Tuolumne County officials aim to begin construction on a new Sheriff’s Office administration building at the Law and Justice Center in Sonora by 2020, one of other related projects that are part of a newly approved three-year plan.

The county Board of Supervisors voted 4-0 to approve the plan that was presented by County Administrator Craig Pedro at a public meeting on Tuesday. District 3 Supervisor Evan Royce was absent.

Other goals include starting construction on other privately and publicly financed buildings at the Law and Justice Center as well as implementing plans to repurpose the vacated Tuolumne General Hospital building and historic courthouse in downtown Sonora.

The new Sheriff’s Office administration building would replace the current one at 28 N. Lower Sunset Dr., next to the Tuolumne County Jail that will also soon be replaced with a $40 million facility.

Construction on the jail is slated to begin this month, with an anticipated completion date in late 2019.

Whether the county meets the goal for the new administration building will depend largely on funding. The county is in the process of issuing about $18 million in lease-revenue bonds to finance the jail and other work related to the Law and Justice Center.

“If we’re looking a longer timeframe, we need to have an interim solution for the Sheriff’s people,” said District 5 Supervisor Karl Rodefer. “They’re in the worst facilities this county has.”

The jail is one of three main buildings planned for the Law and Justice Center campus, in addition to the $20 million Mother Lode Regional Juvenile Detention Facility that opened last April and a $65 million new courthouse.

All told, the county is anticipated to spend about $25 million of the total $138 million price tag for the three main buildings.

There isn’t an estimated cost yet for the proposed new Sheriff’s Office headquarters.

Planning for the development of the Law and Justice Center began in the early 2000s.

In 2009, the county paid more than $4 million for 48 acres off Old Wards Ferry Road that was owned by the Gardella family as a site for the future campus.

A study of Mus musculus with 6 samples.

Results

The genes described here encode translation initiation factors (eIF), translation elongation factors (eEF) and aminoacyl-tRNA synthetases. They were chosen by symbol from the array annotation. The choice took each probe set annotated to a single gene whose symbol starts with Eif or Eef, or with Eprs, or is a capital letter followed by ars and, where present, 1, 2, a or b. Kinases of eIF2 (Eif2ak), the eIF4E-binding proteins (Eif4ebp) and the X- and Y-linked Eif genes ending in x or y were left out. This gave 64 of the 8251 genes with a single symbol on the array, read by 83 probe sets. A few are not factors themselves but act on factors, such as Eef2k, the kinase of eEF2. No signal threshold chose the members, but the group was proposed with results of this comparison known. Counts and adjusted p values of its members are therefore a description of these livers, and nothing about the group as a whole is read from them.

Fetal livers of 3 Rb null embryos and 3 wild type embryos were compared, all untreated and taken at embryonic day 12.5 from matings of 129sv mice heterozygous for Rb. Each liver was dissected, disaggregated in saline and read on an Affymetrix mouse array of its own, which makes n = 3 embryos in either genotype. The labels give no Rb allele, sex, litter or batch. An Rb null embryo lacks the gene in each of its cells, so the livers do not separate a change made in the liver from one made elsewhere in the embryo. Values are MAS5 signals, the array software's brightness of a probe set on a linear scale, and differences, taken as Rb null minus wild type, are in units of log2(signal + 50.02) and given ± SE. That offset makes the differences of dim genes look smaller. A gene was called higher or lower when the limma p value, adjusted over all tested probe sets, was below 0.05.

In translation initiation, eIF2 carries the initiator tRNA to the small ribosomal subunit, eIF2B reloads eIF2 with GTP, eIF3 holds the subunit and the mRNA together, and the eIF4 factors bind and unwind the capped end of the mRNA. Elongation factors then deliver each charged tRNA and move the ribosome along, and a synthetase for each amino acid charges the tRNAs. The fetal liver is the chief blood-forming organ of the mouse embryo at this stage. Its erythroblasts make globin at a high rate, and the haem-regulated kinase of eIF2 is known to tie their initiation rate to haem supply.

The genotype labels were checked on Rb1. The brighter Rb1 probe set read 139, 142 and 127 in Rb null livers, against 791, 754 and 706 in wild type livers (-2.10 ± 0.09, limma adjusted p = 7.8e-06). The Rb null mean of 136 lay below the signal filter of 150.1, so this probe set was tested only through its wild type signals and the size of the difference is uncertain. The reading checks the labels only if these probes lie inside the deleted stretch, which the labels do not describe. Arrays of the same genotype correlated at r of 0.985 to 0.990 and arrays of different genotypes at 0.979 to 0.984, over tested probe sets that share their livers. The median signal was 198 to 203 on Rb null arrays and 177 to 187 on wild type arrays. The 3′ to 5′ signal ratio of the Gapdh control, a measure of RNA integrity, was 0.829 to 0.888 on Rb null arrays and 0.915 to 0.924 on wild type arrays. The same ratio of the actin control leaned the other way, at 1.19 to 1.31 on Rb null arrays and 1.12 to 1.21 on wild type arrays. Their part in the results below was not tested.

The amount paid for the land was roughly the same amount as the projected budget deficit that the county is currently looking for ways to balance prior to the beginning of the next fiscal year on July 1.

Two other projects at the Law and Justice Center included in the three-year plan are a privately financed “community support” building and new homes for the probation department, district attorney and public defender offices.

Pedro said the completion of those projects will depend on whether the state approves funding for the new courthouse in the next fiscal year’s budget and completes construction in 2020 as currently planned.

The community support building would provide services needed at the Law and Justice Center once the courthouse is completed, such as offices for private attorneys and food establishments.

That building would be constructed on about 2.5 acres at the center that was originally reserved for new Sonora-area California Highway Patrol headquarters. However, the state agency will no longer be joining them at the campus “for a variety of reasons,” Pedro said.

The tentative plan is to seek proposals from developers who the county would construct the buildings on the land under a lease agreement with the county.

“That would become income property for the county and provide the services needed out there,” Pedro said.

A timeline for finalizing a plan on what to do with the historic courthouse building on Yaney Avenue will also depend on when the state can complete the new facility.

The three-year plan calls for nailing that down in 2019 under the assumption the new courthouse moves forward on schedule.

Donald Segerstrom, presiding judge of Tuolumne County Superior Court, has suggested the court could continue to use the top-floor courtroom for family law and small claims civil cases, as well as ceremonies.

Pedro also talked about the county needing to soon decide what to do with the Tuolumne General Hospital building at 101 Hospital Road in Sonora that has sat mostly vacant for the past 10-plus years.

One option is to renovate the building, though Pedro noted that would be a costly endeavor. He said the county could also look at replacing the four-story building with another one that would have have fewer floors.

“We need to come up with a plan of how we’re going to do that,” he said, adding that a number of nonprofit organizations have expressed interest in occupying the building.

The three-plan calls for the county to finalize a plan in 2019 and begin construction the following year.

In addition to the projects related to the Law and Justice Center, the plan also calls for over the next three years:

• completing and adopting an updated General Plan by the end of this year;

• completing construction on one or two grant-funded community resilience centers by 2020;

• implementing all technology upgrades by 2020;

• developing and implementing a road-maintenance plan using money from the state’s recent gas-tax increase;

• creating and implementing an employee development program;

• establishing a potential regulatory ordinance for commercial cannabis activity by the end of 2019.

Contact Alex MacLean at amaclean@uniondemocrat.com or (209) 588-4530.